There has been a lot of media hype this summer over an article published last February in The Journal of Medical Ethics. http://jme.bmj.com/content/early/2012/03/01/medethics-2011-100411.full Supposedly, the article makes an argument for “post-birth abortion,” that is, allowing legal infanticide for an unspecified period of time after a child is born, giving the parents a bit of extra time to decide if they really want this child or not. The argument is that this is only taking the justifications for pre-birth abortions one step farther and that all important moral justifications for pre-birth abortions apply equally to post-birth abortions, since no clear moral line of distinction can be made between a fetus about to be born and that same fetus some minutes or hours or days later after birth.
I first heard about this article on an ethics discussion list last winter. Most people thought it was a hoax. But the authors and the journal present it as a serious article, and over the last few months I have been “confronted” with this article numerous times by people claiming it is the “logical extension” of pro-choice thinking. Feeling perhaps a bit goaded, as well as enjoying a bit more free time this summer than I usually have, I finally actually read the article.
The authors, Alberto Giubilini and Francesca Minerva, summarize what they see as the central moral arguments supporting abortion, noting that the thread that runs through them all is that they all place the convenience of the adults above the good of the fetus. They then engage in an “if…then…” thought experiment. They say that “if…” arguments for the legitimacy of abortion based on what is convenient for the adults only are morally valid, “then…” there is no moral difference between pre-birth abortion and after-birth infanticide.
They are not (I don’t think) advocating infanticide, but playing the Devil’s Advocate role concerning arguments for the legitimacy of pre-birth abortion set forward by others (that they play the role so well is the source of confusion about their intentions and why one can easily read them as actually advocating legal infanticide.)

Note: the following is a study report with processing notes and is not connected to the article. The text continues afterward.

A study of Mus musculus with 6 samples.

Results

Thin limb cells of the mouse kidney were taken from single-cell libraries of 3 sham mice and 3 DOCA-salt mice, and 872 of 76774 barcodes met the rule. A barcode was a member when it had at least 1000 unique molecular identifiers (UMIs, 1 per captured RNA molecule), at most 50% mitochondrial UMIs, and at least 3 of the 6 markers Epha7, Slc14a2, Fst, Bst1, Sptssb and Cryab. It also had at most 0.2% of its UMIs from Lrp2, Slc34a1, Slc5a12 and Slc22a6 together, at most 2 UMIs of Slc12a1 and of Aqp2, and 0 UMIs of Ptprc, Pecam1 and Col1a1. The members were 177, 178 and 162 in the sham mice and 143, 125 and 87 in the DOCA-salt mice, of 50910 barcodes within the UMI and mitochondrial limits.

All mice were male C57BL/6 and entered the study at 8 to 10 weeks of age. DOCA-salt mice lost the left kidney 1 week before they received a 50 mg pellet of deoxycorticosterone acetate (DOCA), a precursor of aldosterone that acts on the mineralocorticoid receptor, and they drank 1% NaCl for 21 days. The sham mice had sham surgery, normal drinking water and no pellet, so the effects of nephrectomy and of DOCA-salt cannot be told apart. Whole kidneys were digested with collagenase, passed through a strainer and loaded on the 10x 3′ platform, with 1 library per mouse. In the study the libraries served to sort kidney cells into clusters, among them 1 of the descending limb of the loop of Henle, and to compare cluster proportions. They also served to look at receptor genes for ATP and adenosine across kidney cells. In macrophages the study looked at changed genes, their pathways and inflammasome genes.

Now, if it were true that abortion rights supporters draw solely or even mainly on what is convenient for adults as the basis for their moral reasoning, this article would have a lot of force behind it. In fact, it probably would have been already written by someone else years ago. But that is only very peripheral to the moral reasoning of those who support policies of choice in specific circumstances (it is, in fact, the perspective on abortion advanced by those who want to proscribe it entirely.)
The central pillar of pro-choice moral argument is the woman’s right to bodily integrity, plain and simple. This is why distinguishing between stages of fetal pre- and post-viability is of crucial importance in reasoning toward moral support for policies allowing for abortion in specific circumstances. Pre-viability, we are looking at a circumstance in which assertion of the woman’s right to bodily integrity (autonomy) must be protected above fetal right to existence, because the existence of the fetus is completely dependent on the will of the woman to continue the pregnancy. Post-viability, that is no longer the case, and therefore once viability has been reached, the right of the fetus to existence must be weighed much more equally with the woman’s right of bodily integrity.
Even once viability has been reached, in my view, the decision to continue the pregnancy is still strongly that of the woman herself, but the right of the fetus to existence increases along with the length of the pregnancy. Regardless, there is a crucial moral difference between pre-viability and post-viability. For the most part, we have set viability at about the end of the second term of pregnancy (approx. 6 months.) Increased medical technology is constantly pushing that backward into the 5th month, but there are certainly limits as to how far this can or (morally speaking) even should be pushed.
The authors of this article totally ignore and dismiss viability as a moral watershed in pregnancy termination, which is certainly why 99% of medical ethicists who read the article initially thought it was a hoax of some kind. It turns out it wasn’t a hoax, but it certainly was laughably poor, scholarship–about like someone making an argument about how high humans can jump but neglecting to take gravity into account. While “if…then” thought experiment has a place in academic discourse, no serious ethicist will have learned anything from this article about actual policy.
One thing I hope we have learned from this episode is that with the advent of the internet, articles of this type, on issues related to “culture war” hot buttons, are bound to be hyped and exploited far beyond the intentions of the authors or the journal editors. Much more cautious hesitation about publishing such articles is in order.